Cancer is the second leading cause of death in the US and projected to soon be the first according to the CDC. It is inevitable that we will all be affected by cancer in some way during the course of our lives. We are all susceptible. As a healthcare practitioner, I will be seeing this (and have been seeing this) whether I specialize in oncology or not. This realization has propelled me on a quest to better understand how I can help individuals with prevention before treatment, since prevention is the best medicine after all. The field of oncology continues to advance/evolve with the shifting goals of prolonging life, prolonging quality of life and allowing the body to live harmoniously with a susceptible cancer state. How are we then advancing in cancer prevention before the fact? What is the cause of cancer, what unites us all in this pathogenic process?
First off, what exactly is the definition of “metabolism”? We have all heard the story of the fast metabolizer and the slow metabolizer in many different contexts but neither offers a clear understanding of what metabolism actually is. Is speed even important? Not entirely. A simple (yet complicated) definition is: the sum of all chemical processes the body performs to maintain life and homeostasis (balance). This starts in the gut, what we place in our bodies and how these substances are ultimately processed into energy and waste. The type of food one eats, the variety of different foods, the state of the microbiome (gut flora), the ability of the liver to process following absorption and ultimately the distribution to each individual cell. Metabolism doesn’t end here. Each cell must take in nutritional factors, the organelles must then utilize these substances, particularly the mitochondria that process the food we eat into the great energy molecule ATP that drives all metabolic process.
Cancer is being understood as a breakdown in metabolism that leads to a disruption of homeostasis. Our bodies, even at the cellular level, are highly adaptive and make attempts to continue life despite irreversible damage or breakdown in normal metabolism. In a balanced system, these “broken cells” get eliminated through a process of apoptosis (programmed cell death). This same process interestingly maintains our body in its current arrangement and appearance. Cancer cells can “learn” how to shunt metabolism into an anaerobic (no oxygen) processing of glucose/sugar when the mitochondria, nucleus and/or cell membrane are not functioning well and have avoided apoptosis. This phenomenon is known as the Warburg Effect named after the founder who studied cancer cells in the 20s and 30s. This is the most consistent phenotype seen in nearly all known cancers. This is why a PET scan (radioactively labeled glucose) is so important for cancer diagnosis. We have known that there is metabolic breakdown in cancer for a long time but that has not made treatment any simpler. Once a cell reaches this pathologic metabolic state, it can be very hard to eliminate entirely from the body.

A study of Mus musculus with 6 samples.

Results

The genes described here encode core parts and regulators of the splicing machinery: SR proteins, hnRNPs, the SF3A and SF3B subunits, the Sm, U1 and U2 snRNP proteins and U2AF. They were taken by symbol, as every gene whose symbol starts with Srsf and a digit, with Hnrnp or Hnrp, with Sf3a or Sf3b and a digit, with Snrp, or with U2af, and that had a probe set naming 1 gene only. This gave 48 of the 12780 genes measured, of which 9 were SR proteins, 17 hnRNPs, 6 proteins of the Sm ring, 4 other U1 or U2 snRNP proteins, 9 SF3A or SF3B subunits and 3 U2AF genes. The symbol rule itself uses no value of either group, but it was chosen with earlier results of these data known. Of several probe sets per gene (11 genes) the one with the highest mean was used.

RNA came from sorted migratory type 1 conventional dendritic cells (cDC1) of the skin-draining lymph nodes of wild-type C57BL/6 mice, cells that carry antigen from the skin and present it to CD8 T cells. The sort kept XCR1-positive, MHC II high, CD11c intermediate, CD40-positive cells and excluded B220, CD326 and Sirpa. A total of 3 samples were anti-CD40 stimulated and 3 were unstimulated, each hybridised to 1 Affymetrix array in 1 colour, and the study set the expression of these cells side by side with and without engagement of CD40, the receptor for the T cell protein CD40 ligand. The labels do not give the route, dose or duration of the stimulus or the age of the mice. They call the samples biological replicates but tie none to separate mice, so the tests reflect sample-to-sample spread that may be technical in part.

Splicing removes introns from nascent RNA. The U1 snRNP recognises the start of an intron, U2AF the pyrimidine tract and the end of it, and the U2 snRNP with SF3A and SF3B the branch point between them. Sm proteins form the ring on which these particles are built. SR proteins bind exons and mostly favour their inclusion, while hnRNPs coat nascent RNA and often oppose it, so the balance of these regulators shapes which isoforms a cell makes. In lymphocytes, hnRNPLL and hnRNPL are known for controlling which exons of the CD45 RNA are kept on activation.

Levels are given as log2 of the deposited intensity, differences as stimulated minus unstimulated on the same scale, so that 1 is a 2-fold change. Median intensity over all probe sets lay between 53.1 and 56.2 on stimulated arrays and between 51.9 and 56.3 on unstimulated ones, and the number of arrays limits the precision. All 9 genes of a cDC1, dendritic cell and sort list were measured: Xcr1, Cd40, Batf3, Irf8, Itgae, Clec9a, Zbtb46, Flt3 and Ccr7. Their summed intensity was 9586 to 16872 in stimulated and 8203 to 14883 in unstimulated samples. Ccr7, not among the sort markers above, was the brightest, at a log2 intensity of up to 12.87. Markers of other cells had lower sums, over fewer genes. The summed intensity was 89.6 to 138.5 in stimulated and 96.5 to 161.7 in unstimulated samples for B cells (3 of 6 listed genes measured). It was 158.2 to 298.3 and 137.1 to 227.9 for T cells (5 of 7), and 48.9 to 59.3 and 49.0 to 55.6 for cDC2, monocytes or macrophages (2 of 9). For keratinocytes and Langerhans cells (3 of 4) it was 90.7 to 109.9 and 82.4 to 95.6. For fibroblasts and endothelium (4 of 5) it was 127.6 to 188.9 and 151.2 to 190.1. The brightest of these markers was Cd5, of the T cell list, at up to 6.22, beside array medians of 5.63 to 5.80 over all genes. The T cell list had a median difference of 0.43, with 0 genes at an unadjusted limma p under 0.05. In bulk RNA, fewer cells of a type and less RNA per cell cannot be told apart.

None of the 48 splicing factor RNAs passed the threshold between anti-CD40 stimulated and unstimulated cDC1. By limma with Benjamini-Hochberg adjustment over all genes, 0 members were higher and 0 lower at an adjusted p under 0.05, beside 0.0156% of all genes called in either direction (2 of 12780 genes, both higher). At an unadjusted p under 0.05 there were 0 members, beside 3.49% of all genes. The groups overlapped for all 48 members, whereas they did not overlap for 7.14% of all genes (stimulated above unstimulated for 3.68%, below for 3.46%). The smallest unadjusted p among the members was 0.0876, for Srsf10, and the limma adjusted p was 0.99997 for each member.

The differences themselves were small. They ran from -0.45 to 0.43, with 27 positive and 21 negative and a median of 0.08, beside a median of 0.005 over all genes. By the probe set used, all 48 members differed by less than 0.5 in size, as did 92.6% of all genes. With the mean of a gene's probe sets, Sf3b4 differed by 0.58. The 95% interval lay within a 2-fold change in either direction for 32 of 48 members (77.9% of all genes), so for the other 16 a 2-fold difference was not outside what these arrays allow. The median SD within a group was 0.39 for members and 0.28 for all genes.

If we can begin thinking about prevention in a broader sense, we can possibly keep these cells from achieving this state entirely. There are genomic (genetic) factors that can make this challenging, but one thing we have learned about genomics: they are not absolute (you may hear me say, “we are not slaves to our genetics”). We can also begin working on optimization of our individual metabolic states: diet, microbiome, liver health, toxicity, stress/emotional state, autoimmunity, infections, insulin resistance/diabetes, generalized body inflammation.
One powerful tool that is gaining momentum in shifting metabolism away from cancer promotion and inflammation is ketosis, the burning of fat for fuel. A similarly rising tool is intermittent fasting, which is essentially starving the energy production of discordant damaged cells through transcending insulin/glucose dependent energy production. Our body, in a healthy state, is highly adaptive; these shifts in metabolism have naturally supported our survival for many generations when food was scarce.
There are, of course many ways to individually tailor metabolic approaches safely, effectively and comfortably while still enjoying food and life. Large changes in metabolism should be done under the supervision of a doctor or nutritionist. Contact Revolutions Naturopathic to set up an appointment with one of our doctors at 916-351-9355 or firstname.lastname@example.org.